September 2, 2011
Lightning in a bottle is a rare mixture of secret sauce and execution. What is Apple’s secret sauce? How about Google’s or Facebook’s? These companies are evolutionary, not revolutionary. Apple, with its iconic Mac, iPod, iPhone and iPad products, is the epitome of execution over secret sauce. Innovation and proprietary IP has not led to the rise of Apple as much as perfecting existing technology through design aesthetics, ecosystem, and ease-of-use.
If you could bottle a human and call them secret sauce, Steve Jobs is candidate #1 for bottle-hood. I can think of no other individual since Thomas Edison who has been as instrumental to such a long run of market-leading products. Hopefully for Apple stockholders, Jobs leaves the company in the hands of a management team as visionary, exacting, and demanding as he.
Apple is the epitome of sustained technology domination that has not been defined by any one product. Instead, it is defined by its ability to take that which has been done by others, simplify it, add style, a coolness factor and then market the crap out of it. Apple’s continued success of reinventing itself and redefining markets is the very definition of great execution. It isn’t the product, it is the company, it is the team, and it is Steve Jobs.
Secret Sauce vs. Execution
It is my contention that finding a company that is both overflowing with secret sauce and execution is rare indeed, and such a company is the definition of lightning in a bottle. When you find the blue dot in the diagram above, you’ve found something unique and very special.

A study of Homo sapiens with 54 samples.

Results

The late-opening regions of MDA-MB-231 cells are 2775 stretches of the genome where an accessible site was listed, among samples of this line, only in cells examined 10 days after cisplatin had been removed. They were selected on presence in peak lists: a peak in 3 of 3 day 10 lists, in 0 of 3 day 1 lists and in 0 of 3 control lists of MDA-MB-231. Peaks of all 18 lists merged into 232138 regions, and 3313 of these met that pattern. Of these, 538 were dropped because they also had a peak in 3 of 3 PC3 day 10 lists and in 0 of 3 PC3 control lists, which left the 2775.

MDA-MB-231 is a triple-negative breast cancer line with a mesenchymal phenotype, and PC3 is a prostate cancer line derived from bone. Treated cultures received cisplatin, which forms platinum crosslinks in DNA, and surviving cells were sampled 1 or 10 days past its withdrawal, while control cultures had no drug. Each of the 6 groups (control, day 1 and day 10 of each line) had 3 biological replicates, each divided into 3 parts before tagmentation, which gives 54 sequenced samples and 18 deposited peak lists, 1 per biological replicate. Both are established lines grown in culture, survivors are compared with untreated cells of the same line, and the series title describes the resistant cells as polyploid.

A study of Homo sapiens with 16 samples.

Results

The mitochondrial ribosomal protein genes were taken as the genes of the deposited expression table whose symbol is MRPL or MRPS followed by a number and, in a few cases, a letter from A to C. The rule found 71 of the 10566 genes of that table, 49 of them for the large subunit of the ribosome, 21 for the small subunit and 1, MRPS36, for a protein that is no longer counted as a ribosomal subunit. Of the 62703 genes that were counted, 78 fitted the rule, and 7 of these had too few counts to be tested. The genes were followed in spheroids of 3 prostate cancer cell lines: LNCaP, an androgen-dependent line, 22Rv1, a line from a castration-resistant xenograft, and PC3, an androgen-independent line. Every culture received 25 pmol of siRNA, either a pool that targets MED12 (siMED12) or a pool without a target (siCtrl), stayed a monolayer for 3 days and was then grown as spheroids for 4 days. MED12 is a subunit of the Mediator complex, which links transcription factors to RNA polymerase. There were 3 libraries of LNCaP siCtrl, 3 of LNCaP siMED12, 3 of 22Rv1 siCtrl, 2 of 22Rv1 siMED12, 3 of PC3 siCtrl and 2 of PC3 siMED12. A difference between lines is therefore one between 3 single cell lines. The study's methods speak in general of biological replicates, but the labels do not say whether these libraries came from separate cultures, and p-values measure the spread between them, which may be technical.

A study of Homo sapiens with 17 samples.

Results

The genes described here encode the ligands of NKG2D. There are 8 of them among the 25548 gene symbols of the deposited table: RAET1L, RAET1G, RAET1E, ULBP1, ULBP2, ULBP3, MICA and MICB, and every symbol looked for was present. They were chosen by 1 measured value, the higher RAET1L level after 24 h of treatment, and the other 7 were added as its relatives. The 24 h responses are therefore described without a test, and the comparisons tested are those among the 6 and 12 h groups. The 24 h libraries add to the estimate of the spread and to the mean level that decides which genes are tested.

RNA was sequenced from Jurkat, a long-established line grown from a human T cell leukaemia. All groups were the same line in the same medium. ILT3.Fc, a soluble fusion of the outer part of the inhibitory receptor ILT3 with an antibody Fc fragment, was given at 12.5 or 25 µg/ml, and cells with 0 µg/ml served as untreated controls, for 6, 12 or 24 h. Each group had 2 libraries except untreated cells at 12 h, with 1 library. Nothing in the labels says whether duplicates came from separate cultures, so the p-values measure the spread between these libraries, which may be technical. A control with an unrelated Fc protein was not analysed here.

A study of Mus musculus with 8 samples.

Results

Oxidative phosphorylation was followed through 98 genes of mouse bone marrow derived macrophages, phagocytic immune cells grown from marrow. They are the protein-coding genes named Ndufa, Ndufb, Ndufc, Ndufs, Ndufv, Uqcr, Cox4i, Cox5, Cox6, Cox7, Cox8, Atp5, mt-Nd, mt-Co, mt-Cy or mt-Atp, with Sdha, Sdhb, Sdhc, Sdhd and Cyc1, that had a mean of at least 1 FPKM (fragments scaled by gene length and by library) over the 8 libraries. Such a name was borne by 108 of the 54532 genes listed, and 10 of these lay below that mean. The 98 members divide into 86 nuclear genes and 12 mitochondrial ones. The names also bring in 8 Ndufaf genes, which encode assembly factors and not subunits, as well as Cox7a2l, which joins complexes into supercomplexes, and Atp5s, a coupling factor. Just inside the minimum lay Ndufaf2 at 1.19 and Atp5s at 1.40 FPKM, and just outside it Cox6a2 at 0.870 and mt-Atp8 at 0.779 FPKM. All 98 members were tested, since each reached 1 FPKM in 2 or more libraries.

When you find the red dot, the Segways and TiVos of the world, you have found a really cool idea that probably isn’t going to be crossing any chasms. The technology landscape is littered with failures of poor execution that paved the way for evolutionary entrepreneurs like Steve Jobs to execute and monetize someone else’s great idea. Steve Jobs did not invent the computer, the mouse, the digital music player, or the smart phone, he made them must have items.
For me, if given a choice between a company with great secret sauce or an impressive ability to execute, execution trumps secret sauce.
The eureka moment of creating a truly unique and valuable secret sauce is not easily repeatable. Lightning rarely strikes the same bottle twice. If Apple’s secret sauce is truly Steve Jobs, then Apple shareholders have a problem.
If, however, the secret sauce is the process of distilling vision, a culture of demanding perfection, and a quest for continual improvement, Apple is an execution play, and Steve Jobs was the keeper and definer of the process. Executing process is very repeatable and succession is not as risky as trying to duplicate the eureka moment of discovering a truly patentable unique invention.
Execution trumps secret sauce, and for me, when asked what’s the next big thing, it is execution. Will Apple be able to execute without their maniacally brilliant leader? Time will tell.